Focusing on the impact of the crisis
The economic crisis has profoundly changed the quality of life of Europeans – changes described in the latest issue of Eurofound’s magazine Foundation Focus.
A comparison of the findings from the second and third waves of the European Quality of Life Survey in 2007 and 2011 – as documented in the Focus – reveals the extent of the impact of the crisis and of disparities in quality of life both across the continent and between social groups. Europeans are finding it harder to make ends meet, particularly those who have had to cope with pay cuts or unemployment.
Many European residents, particularly those who are already suffering disadvantage, experienced a worsening of their health in the years between 2007 and 2011. In particular, the indicators for poor mental health are notably worse among Europe’s young people, who are especially affected by unemployment. However, elderly people suffer their own forms of disadvantage, being much more likely to lack sources of social support than younger Europeans.
Rating public services
Public services, such as healthcare, are an important component of overall quality of life, and in times of difficulty they can support and protect citizens. But sharp cuts in government finances have affected many countries’ ability to provide services at the levels required or expected.
Substantial differences emerge between Member States in terms of their residents’ rating of the quality of public services in 2011, and in terms of how that rating has changed since 2007. In a number of countries residents rate public services in the aggregate as being better than the EU average, and give them a higher rating than in 2007 – Austria, Germany, Luxembourg and the UK. (Also included in this group is Spain, despite the economic difficulties it has faced since 2008).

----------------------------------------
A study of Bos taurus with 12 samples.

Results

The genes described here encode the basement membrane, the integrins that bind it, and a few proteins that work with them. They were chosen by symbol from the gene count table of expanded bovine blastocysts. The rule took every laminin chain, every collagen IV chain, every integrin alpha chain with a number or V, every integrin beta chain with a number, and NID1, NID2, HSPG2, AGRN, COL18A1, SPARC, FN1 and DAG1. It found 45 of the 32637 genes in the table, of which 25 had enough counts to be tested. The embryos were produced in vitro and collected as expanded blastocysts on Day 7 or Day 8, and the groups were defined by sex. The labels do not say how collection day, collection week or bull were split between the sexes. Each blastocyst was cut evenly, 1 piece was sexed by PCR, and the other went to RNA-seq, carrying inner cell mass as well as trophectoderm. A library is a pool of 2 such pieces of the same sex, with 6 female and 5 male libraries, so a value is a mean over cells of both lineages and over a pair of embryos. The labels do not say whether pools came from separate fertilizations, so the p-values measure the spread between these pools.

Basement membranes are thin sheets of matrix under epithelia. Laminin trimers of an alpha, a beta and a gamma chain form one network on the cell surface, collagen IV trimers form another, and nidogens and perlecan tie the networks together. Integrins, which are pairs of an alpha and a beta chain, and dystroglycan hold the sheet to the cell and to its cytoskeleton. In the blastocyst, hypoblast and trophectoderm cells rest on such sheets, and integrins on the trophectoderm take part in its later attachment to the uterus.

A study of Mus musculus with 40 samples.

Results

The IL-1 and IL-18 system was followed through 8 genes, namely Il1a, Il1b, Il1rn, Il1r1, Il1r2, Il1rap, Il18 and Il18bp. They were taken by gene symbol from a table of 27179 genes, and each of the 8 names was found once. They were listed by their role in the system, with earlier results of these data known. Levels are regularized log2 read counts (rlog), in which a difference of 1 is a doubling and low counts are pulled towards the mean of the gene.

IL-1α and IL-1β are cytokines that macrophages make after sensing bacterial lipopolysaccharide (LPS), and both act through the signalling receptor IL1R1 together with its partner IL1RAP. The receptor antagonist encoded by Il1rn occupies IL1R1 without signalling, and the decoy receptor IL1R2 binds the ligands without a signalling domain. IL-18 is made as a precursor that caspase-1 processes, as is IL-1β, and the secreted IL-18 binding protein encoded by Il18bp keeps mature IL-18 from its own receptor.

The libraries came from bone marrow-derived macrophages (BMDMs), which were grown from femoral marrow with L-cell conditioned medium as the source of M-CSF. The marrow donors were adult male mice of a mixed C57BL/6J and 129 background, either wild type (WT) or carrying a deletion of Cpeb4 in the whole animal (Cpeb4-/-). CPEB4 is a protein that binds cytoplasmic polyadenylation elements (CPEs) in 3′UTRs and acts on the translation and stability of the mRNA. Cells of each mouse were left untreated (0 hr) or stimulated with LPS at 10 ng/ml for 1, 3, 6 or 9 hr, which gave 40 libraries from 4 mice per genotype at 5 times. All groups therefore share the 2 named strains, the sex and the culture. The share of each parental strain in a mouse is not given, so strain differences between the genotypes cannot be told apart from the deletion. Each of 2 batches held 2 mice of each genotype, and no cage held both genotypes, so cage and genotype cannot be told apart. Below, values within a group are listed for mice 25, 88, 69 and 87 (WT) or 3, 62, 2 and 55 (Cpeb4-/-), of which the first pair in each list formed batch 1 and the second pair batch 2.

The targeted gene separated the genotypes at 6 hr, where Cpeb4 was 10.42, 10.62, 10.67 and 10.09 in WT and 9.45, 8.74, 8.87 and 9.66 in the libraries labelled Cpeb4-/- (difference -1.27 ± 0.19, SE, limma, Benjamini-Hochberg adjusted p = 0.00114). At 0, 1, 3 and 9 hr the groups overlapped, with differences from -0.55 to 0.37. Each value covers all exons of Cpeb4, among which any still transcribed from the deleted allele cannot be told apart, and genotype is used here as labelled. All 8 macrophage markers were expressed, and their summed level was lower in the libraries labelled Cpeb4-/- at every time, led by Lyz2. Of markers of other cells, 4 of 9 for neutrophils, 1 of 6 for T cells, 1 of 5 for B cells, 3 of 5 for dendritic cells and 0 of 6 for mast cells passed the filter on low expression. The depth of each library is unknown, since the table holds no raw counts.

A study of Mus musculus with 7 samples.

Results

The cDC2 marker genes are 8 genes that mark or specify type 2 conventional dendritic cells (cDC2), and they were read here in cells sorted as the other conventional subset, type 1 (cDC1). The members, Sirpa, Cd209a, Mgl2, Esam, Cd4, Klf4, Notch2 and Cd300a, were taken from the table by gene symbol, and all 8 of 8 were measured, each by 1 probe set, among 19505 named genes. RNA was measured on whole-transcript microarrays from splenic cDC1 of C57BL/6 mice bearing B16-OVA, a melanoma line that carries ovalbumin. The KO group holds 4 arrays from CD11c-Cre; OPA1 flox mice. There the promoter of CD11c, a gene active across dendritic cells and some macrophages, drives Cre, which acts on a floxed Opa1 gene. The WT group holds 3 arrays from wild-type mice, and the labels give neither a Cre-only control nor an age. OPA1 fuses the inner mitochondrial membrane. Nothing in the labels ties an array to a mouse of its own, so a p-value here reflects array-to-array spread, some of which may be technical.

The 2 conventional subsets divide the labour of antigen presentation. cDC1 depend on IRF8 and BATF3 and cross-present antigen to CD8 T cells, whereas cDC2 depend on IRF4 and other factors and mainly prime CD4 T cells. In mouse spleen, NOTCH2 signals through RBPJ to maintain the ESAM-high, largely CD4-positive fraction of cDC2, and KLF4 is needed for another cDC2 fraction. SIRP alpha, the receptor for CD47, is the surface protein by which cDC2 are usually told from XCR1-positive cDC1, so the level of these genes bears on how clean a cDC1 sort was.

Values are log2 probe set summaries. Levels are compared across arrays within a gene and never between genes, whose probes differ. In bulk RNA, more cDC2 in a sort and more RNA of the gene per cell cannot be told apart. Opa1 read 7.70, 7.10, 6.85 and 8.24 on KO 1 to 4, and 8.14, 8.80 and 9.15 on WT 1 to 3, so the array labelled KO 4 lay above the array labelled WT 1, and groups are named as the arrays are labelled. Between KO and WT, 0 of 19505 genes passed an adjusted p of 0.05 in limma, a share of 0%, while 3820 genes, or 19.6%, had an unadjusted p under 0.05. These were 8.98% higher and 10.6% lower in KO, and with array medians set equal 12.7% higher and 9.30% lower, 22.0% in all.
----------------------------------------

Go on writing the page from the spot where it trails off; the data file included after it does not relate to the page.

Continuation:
Meanwhile, for a large group of countries – 17 in all – ratings for services in 2011 are worse than they were in 2007; of these, 11 have poorer ratings than the EU27 average. Notably, this group comprises 9 of the 10 eastern European Member States (together with Ireland and Greece).
This issue of Foundation Focus also includes an interview with John Halloran of the European Social Network who sets out his ideas for building the foundations for a new welfare state in Europe, and who warns ‘This situation of restricted expenditure is permanent’. Findings on best practice in household debt-assistance services are outlined, as are quality of life findings for Croatia, Europe’s newest Member State.
This issue also looks at the challenges that arise from juggling care tasks with employment, the effect of austerity measures on the delivery of public services at the national level, and the impact of the crisis on working conditions and social dialogue in central public administration.
Download Foundation Focus: Quality of life, public services and the crisis from the Eurofound website.